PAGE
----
Despite the Islamic State militants’ defeat of U.S.-backed Iraqi security forces in Ramadi, the Obama administration says it does not plan to change its strategy – a resolute stance that has drawn sharp criticism from a top congressional Republican and some military analysts.

Ramadi, Iraq

Ramadi, Iraq

White House spokesman Josh Earnest on Tuesday said President Barack Obama’s policy in the Iraqi conflict – employing airstrikes but no commitment of U.S. ground troops – overall has been a success.

"There have been areas of setback, too," Earnest said at a news briefing, acknowledging Sunday’s rout in the provincial capital of Anbar province. "That doesn’t mean that the strategy needs be discarded."

But on Capitol Hill, the leader of the U.S. House of Representatives reached a different conclusion.

"The president's plan isn't working," Speaker John Boehner said. "It's time for him to come up with overarching strategy to defeat the ongoing terrorist threat." He said Ramadi proves "hope is not a strategy."

Arming the enemy

The Defense Department said the attempt to reclaim Ramadi became more challenging when Iraqi security forces abandoned a vast array of American military equipment as they fled in the face of Sunday's onslaught by the Islamic State fighters.

Pentagon spokesman Colonel Steve Warren said Iraqi troops left behind dozens of U.S. military vehicles, including tanks, armored personnel carriers and artillery pieces. He said some of the vehicles were in working condition, others not.

There is plenty of blame to go around, Warren said: "The fall of Ramadi was a failure of a lot of things – leadership being one of them, tactics being one of them. War is a fluid thing. The enemy does get a vote."

Also Tuesday, Iraqi security forces and several thousand Shi'ite militia members massed outside Ramadi ahead of a possible offensive to try to recapture the city from the militants.

Playing down defeat

The administration has been playing down the defeat of U.S.-backed Iraqi forces, casting it against an even longer list of victories in places such as Kobani, Mosul Dam and Tikrit. There, Iraqi forces, backed by coalition air strikes and intelligence, have driven out Islamic State fighters in recent months.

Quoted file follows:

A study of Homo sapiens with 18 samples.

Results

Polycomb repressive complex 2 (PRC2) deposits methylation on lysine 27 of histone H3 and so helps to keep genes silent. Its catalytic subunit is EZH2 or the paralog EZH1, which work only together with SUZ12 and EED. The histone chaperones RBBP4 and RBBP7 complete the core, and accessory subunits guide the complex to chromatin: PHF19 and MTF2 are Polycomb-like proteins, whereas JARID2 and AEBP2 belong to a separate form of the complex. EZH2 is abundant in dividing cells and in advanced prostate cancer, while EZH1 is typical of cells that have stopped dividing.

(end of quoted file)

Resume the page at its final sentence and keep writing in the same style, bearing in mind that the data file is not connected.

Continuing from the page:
Still, images of fleeing civilians and hundreds of Iraqi soldiers retreating from Ramadi on Tuesday raised questions about the effectiveness of the administration’s policy.

Some analysts say the Islamic State’s assault on Ramadi could have been avoided, or at the very least, foreseen.

A report Tuesday by Kimberly Kagan and Frederick Kagan, military historians at the Institute for the Study of War, a Washington research organization, criticizes Obama’s approach, saying the president reacted slowly and reluctantly to the initial Islamic State surge last June. It says U.S. airstrikes since then have destroyed Islamic State targets and killed fighters by the thousands, but have allowed the group to retain a haven in Syria and maneuver freely within Iraq.

Obama and Carter confer

Obama met with Secretary of Defense Ashton Carter at the White House Tuesday for what officials said was a routine meeting expected to be dominated by discussion of the way forward in Iraq.

The U.S. leader, in announcing his strategy last year to degrade and ultimately defeat the Islamic State group, ruled out sending U.S. ground forces back to Iraq. Changing course is unlikely for Obama, who was elected on an anti-war platform and on promises to end U.S. involvement in Iraq. White House officials on Tuesday said the president is reviewing the situation in Ramadi and they suggested that adjustments of the current strategy are under consideration.

Analysts say their victory at Ramadi may give Islamic State fighters momentum to recapture Mosul while gaining ground in Syria.

This momentum, analysts say, could drive the militants to the Iraqi capital.

"If we were to decide that just because ISIL has not made a play for Baghdad recently that it’s lost interest – that would be a big mistake on our part," said Michael O’Hanlon, a scholar at the Brookings Institution in Washington.

But White House spokesman Josh Earnest blamed Congress for not giving Obama the new military authorization he asked for to wage war against the Islamic State.

"At some point, somebody in Congress needs to assume responsibility for this and not just complain about it the whole time," Earnest said.

VOA contributors to this report include Carla Babb from the Pentagon and Cindy Saine from Capitol Hill.